Market Report: Gocompare out of tune with City on rivalry fears


The group, which was spun out of car insurer esure last month when it floated on the stock market, fell 1.75p, or 2.5%, to 69.25p after broker Investec told clients the company would struggle to grow as a standalone business.

“Gocompare looks a quite small player in a noisy, competitive price-comparison website market,” said analyst Steve Lietchi.

He is concerned that it will need to spend big on advertising to make Gio Compario’s voice heard over larger rival, which has a bigger marketing budget.

The business makes almost all of its profits in insurance switching and Lietchi thinks the amount of money needed to diversify into other areas will also hit margins.

The Investec analyst slapped a Sell rating on the shares and a 57p target price, suggesting it will have a rough first year as a standalone stock.

He said larger players would be unlikely to purchase the company, but added that “more marginal players like Zoopla” could be interested.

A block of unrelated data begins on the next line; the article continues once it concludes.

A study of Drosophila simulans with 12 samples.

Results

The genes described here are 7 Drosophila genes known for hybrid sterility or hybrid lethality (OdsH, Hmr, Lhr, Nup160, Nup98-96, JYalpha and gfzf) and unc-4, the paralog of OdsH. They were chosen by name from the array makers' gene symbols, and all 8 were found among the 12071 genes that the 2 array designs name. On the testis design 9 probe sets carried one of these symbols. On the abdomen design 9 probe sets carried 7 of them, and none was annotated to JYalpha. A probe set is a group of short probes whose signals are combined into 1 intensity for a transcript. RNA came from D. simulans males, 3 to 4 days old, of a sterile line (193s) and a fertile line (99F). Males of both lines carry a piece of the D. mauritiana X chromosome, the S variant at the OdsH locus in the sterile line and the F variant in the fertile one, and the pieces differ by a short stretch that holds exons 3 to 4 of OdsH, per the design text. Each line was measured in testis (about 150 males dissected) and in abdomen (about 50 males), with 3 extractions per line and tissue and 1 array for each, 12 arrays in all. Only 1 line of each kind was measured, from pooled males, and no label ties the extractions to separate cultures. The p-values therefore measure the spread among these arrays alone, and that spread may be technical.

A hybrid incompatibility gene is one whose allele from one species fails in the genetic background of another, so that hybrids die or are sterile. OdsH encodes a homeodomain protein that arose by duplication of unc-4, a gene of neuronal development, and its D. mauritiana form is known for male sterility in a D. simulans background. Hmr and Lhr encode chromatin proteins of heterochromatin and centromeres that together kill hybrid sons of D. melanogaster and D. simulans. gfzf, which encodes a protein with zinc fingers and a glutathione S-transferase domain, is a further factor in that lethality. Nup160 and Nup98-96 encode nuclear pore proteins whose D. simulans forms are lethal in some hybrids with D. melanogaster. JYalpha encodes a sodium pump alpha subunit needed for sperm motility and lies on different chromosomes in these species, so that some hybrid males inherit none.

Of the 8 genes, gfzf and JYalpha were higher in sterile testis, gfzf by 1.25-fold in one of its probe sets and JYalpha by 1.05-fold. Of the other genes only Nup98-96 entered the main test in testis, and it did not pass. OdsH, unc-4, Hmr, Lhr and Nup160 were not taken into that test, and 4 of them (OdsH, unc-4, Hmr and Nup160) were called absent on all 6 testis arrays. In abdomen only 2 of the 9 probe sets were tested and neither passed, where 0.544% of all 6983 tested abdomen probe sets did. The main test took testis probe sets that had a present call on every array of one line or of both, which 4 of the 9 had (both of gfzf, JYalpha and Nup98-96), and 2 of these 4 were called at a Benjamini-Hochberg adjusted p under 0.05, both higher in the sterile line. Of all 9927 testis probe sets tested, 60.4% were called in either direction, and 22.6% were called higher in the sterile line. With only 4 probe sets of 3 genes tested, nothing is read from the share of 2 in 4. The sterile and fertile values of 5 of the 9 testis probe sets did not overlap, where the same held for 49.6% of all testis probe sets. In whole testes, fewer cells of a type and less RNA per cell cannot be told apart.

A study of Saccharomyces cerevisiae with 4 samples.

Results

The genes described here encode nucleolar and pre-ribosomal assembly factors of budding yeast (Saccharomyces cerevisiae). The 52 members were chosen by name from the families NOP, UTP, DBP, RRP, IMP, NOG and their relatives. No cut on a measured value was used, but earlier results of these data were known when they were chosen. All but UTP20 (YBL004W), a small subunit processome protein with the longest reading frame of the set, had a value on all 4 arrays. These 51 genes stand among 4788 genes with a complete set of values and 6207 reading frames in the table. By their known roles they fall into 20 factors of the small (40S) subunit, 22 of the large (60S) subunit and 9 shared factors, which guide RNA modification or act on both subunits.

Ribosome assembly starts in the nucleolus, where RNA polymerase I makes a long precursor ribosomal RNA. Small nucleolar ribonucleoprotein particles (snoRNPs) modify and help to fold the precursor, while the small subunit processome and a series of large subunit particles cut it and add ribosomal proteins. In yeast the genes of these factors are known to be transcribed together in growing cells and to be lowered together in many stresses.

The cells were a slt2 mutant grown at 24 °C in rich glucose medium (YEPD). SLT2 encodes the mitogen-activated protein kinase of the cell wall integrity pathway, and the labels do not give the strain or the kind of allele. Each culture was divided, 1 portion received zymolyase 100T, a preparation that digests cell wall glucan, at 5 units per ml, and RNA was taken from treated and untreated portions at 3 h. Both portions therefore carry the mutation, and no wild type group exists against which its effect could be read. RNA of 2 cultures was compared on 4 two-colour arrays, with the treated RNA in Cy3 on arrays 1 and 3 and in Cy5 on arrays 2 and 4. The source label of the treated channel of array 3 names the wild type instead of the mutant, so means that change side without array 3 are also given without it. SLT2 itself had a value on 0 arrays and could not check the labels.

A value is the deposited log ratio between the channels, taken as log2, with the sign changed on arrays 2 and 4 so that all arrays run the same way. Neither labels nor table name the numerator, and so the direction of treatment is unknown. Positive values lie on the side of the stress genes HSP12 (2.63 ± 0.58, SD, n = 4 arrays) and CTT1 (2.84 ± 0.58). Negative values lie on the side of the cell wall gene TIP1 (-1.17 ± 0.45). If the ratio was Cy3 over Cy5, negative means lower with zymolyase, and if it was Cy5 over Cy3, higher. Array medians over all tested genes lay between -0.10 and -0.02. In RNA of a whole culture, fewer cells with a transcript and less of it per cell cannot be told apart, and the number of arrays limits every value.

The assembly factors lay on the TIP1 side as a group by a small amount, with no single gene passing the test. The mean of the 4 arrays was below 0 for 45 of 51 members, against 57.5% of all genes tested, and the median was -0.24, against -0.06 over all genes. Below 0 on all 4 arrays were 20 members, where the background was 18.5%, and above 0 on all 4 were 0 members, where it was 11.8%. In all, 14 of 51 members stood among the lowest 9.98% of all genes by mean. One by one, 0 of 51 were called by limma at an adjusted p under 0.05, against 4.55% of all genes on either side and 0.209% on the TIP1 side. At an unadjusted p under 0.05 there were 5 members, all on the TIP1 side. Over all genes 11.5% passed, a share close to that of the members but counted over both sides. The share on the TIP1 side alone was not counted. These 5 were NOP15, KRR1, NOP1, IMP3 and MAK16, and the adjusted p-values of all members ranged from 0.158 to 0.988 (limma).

Meanwhile, shares in were up 1.7p at 279.5p, tracking the wider market higher, with the FTSE 100 up 15.93 points, or 0.2%, at 6906.35.

Unilever, up 46.18p, or 1.5%, to 3158.18p, was among the risers after investment bank Jefferies raised its rating to Buy, impressed by the consumer goods giant at its recent investor event.

Share registrar Equiniti dipped 8.25p, or 4.3%, to 186p after the Evening Standard revealed its former owner Advent, the American private-equity firm, was in the final stages of selling its remaining shares in the business, which it floated last year with a valuation of £500 million.

The sale of Advent’s 7.9% stake is being conducted via an accelerated bookbuild in the City and is expected to be worth close to £50 million, sources said. Advent declined to comment.

Troubled collectibles firm Stanley Gibbons sank 0.25p on AIM to 10.5p. It follows a strong showing yesterday, which dealers said was sparked by vague takeover speculation.

Shares in Richland Resources, part of whose tanzanite mine was seized by armed, illegal miners in 2012, were in the line of fire, tumbling 0.13p, or 11%, to 0.99p after a heavily discounted share placing to raise £1 million. 

The company left Tanzania last year and now operates the Capricorn sapphire mine in Australia.